Tribune (architecture)

Tribune is an ambiguous – and often misused – architectural term, which can have several meanings. Today, it most often refers to a dais or stage-like platform or, in a vaguer sense, any place from which a speech can be prominently made.

Example of a 20th-century tribune: The Zeppelinhaupttribüne (1934) at the Nazi Party Rally grounds, Nuremberg, Germany.
Lenin's Mausoleum (seen here) served as a viewing tribune for Soviet leaders to review military parades on Red Square such as this one in June 1945.


The English term tribune ("raised platform") was derived as early as 1762 from French (tribune) and Italian (tribuna) words. These in turn stemmed from Medieval Latin tribuna and from Classical Latin tribunal, the elevated placing of a tribune's (or other Roman magistrate's) seat for official functions in the manner of a throne.


  • In ancient Rome, the term was used of a semicircular apse in a Roman basilica, with a raised platform, where a presiding magistrate (a tribune, or others) sat in an official chair. Subsequently, it applied generally to any raised structure from which speeches were delivered, including makeshift wooden structures in the Roman Forum and even the private box of the emperor at the Circus Maximus. [1]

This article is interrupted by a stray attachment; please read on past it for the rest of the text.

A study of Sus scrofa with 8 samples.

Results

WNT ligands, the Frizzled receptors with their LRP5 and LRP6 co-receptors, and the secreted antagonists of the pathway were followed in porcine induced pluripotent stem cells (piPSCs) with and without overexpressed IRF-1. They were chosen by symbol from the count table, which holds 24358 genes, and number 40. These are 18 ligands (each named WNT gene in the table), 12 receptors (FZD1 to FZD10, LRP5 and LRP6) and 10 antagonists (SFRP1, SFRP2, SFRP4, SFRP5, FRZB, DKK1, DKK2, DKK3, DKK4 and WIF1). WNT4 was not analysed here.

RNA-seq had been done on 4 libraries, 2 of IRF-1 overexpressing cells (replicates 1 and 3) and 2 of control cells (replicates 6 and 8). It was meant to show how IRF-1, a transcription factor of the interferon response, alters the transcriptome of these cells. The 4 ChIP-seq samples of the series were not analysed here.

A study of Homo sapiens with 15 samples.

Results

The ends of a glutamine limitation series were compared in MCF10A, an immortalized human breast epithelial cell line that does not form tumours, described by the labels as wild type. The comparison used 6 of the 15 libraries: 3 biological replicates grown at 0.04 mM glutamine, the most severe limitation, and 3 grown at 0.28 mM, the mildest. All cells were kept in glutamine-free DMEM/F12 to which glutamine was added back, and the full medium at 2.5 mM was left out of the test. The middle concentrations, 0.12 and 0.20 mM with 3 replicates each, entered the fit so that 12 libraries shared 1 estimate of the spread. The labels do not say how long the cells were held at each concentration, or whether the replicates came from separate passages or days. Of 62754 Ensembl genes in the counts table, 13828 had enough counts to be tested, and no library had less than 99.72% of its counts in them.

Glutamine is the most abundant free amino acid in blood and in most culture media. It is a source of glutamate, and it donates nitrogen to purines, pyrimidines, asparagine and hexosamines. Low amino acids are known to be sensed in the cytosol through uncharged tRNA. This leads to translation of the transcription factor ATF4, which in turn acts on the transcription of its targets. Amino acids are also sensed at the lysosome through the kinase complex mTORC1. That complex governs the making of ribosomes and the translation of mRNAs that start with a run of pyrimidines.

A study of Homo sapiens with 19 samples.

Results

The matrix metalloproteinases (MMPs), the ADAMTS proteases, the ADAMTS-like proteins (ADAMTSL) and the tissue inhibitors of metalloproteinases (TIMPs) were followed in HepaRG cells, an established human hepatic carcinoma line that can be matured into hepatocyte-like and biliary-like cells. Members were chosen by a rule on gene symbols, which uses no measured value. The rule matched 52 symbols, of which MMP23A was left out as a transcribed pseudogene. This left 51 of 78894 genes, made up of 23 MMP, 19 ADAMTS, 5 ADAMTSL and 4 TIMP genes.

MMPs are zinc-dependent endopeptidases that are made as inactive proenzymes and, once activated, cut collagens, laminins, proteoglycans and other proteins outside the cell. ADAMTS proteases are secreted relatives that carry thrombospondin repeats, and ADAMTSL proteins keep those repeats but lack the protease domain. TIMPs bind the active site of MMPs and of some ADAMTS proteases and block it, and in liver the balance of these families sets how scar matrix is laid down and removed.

• In Medieval, and later, ecclesiastical architecture, the term applies to an area within a vaulted or semi-domed apse in a room or church. In this sense a tribune may contain a high altar or bishop's seat (cathedra). These features were particularly common in Roman and Byzantine church architecture. In these Christian basilicas the term is often retained for the semicircular recess behind the choir, as at San Clemente in Rome, Sant'Apollinare in Classe in Ravenna, San Zeno at Verona, or San Miniato near Florence. A secular example is its use for the celebrated octagon room of the Uffizi Palace at Florence.[1]
  • The sense of the term is sometimes extended to any gallery, balcony, or triforium. (Nikolaus Pevsner, in his book series The Buildings of England (1951–74), is at pains to point out that a tribune and a triforium, while often confused, are not the same thing.) In a church, it may refer to an open arcade overlooking the nave of a church – or indeed any large hall – often situated below a clerestory.
  • The term is also loosely applied to various other raised spaces in secular or ecclesiastical buildings – in the latter sometimes in the place of pulpit, as in the Priory of Saint-Martin-des-Champs at Paris.[1] Thus,"tribune" can refer to a dais or stage-like platform,[1] or in a vaguer sense any place in a building from which a speech can be prominently made, which seems a return to the original function of the early Roman tribunal. This is the origin of the common metaphorical use of "tribune" in the names of newspapers, magazines and broadcast news programs.


  1. ^ a b c d Chisholm 1911, p. 265.


  This article incorporates text from a publication now in the public domainChisholm, Hugh, ed. (1911). "Tribune". Encyclopædia Britannica. 27 (11th ed.). Cambridge University Press. p. 265.